Journal of Orthopaedic Surgery and Research 1/2018

Surgical treatment indications and outcomes in patients with spinal metastases in the cervicothoracic junction (CTJ)

Zeitschrift:
Journal of Orthopaedic Surgery and Research > Ausgabe 1/2018
Autoren:
Zemin Li, Houqing Long, Rui Guo, Jinghui Xu, Xiaobo Wang, Xing Cheng, Yangliang Huang, Fobao Li

Abstract

Background

The cervicothoracic junction (CTJ) site accounts for approximately 10% of all spinal metastases. The complex anatomical and biomechanical features increase the difficulty in surgical treatment of the CTJ metastases. However, few studies in the literature on surgical treatment for spinal metastases are focusing on this special area. The aim of this study was to evaluate the surgical outcome of patients with CTJ metastases and analyze the prognostic factor for the postoperative survival.

Methods

Total of 34 patients with CTJ metastases who underwent surgery in our department were retrospectively analyzed. We evaluated records for the details of medical history, treatment, surgery, radiographic imaging, and follow-up. Outcomes were assessed by overall survival as well as modified Tokuhashi score, SINS, Frankel grade, visual analog scale (VAS), and Karnofsky Performance Status (KPS).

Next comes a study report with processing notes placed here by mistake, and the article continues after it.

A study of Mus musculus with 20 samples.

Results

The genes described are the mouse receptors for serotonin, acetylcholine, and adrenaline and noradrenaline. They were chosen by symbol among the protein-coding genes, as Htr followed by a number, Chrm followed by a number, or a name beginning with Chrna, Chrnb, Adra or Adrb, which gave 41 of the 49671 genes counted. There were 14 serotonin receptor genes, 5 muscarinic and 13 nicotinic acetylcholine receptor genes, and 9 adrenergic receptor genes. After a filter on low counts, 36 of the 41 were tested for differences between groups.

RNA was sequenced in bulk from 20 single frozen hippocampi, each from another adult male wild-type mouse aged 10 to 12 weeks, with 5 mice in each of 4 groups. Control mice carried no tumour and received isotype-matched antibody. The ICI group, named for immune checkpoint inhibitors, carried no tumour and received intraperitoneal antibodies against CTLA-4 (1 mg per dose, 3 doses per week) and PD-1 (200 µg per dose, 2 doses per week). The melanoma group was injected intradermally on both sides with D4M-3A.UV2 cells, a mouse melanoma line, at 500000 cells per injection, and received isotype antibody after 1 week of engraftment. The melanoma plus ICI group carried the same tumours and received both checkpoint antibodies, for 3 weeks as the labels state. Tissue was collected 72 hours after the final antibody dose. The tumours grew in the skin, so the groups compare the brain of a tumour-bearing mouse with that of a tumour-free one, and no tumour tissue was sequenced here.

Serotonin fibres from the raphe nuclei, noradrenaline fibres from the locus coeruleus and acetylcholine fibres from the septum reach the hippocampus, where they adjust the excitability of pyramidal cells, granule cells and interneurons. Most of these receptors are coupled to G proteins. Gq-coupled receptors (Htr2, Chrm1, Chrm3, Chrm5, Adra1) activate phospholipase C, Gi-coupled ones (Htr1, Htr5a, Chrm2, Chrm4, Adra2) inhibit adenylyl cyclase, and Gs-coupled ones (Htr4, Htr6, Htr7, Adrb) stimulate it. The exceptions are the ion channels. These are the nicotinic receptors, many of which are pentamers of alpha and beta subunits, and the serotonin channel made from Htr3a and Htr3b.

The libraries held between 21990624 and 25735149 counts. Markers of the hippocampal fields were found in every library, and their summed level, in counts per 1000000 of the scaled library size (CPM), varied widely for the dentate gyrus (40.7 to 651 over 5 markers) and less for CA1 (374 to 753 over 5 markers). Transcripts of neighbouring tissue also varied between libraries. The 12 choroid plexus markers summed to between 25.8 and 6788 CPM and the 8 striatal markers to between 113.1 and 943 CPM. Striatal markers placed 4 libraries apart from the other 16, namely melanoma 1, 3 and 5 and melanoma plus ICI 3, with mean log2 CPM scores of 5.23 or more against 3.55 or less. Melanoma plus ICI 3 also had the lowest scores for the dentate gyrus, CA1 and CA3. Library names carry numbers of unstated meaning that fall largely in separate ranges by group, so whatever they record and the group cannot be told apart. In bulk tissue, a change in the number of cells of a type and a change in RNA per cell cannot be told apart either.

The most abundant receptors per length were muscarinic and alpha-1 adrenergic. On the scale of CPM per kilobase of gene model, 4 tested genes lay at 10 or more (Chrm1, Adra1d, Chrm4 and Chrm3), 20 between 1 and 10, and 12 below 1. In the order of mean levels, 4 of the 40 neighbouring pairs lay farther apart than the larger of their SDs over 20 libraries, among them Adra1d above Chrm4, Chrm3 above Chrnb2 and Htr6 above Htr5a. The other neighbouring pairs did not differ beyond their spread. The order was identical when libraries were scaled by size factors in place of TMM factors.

Results

The entire patients’ median survival time was 12.4 months (range, 3.5–36.2 months). Pain improved in 32 patients (94.12%), and the postoperative VAS scores were significantly improved compared with preoperative data. Majority of patients (71%) maintained or improved their Frankel scores 1 year after surgery. KPS scores improved in 13 patients (38%), remained stable in 19 (56%), and worsened in 2 (6%) postoperatively. Notably, patients with neurological deficit that did not improve after surgery had significantly worse median survival than those who had either no deficit or who improved after surgery. There were no instrumentation failures in this study.

Conclusions

Surgical treatment is effective for patients of CTJ metastases, with a tolerable rate of complications. Remained or regained ambulatory status predicted overall survival. Thus, prompt and aggressive decompressive surgery is recommended for CTJ metastases patients with neurological impairment.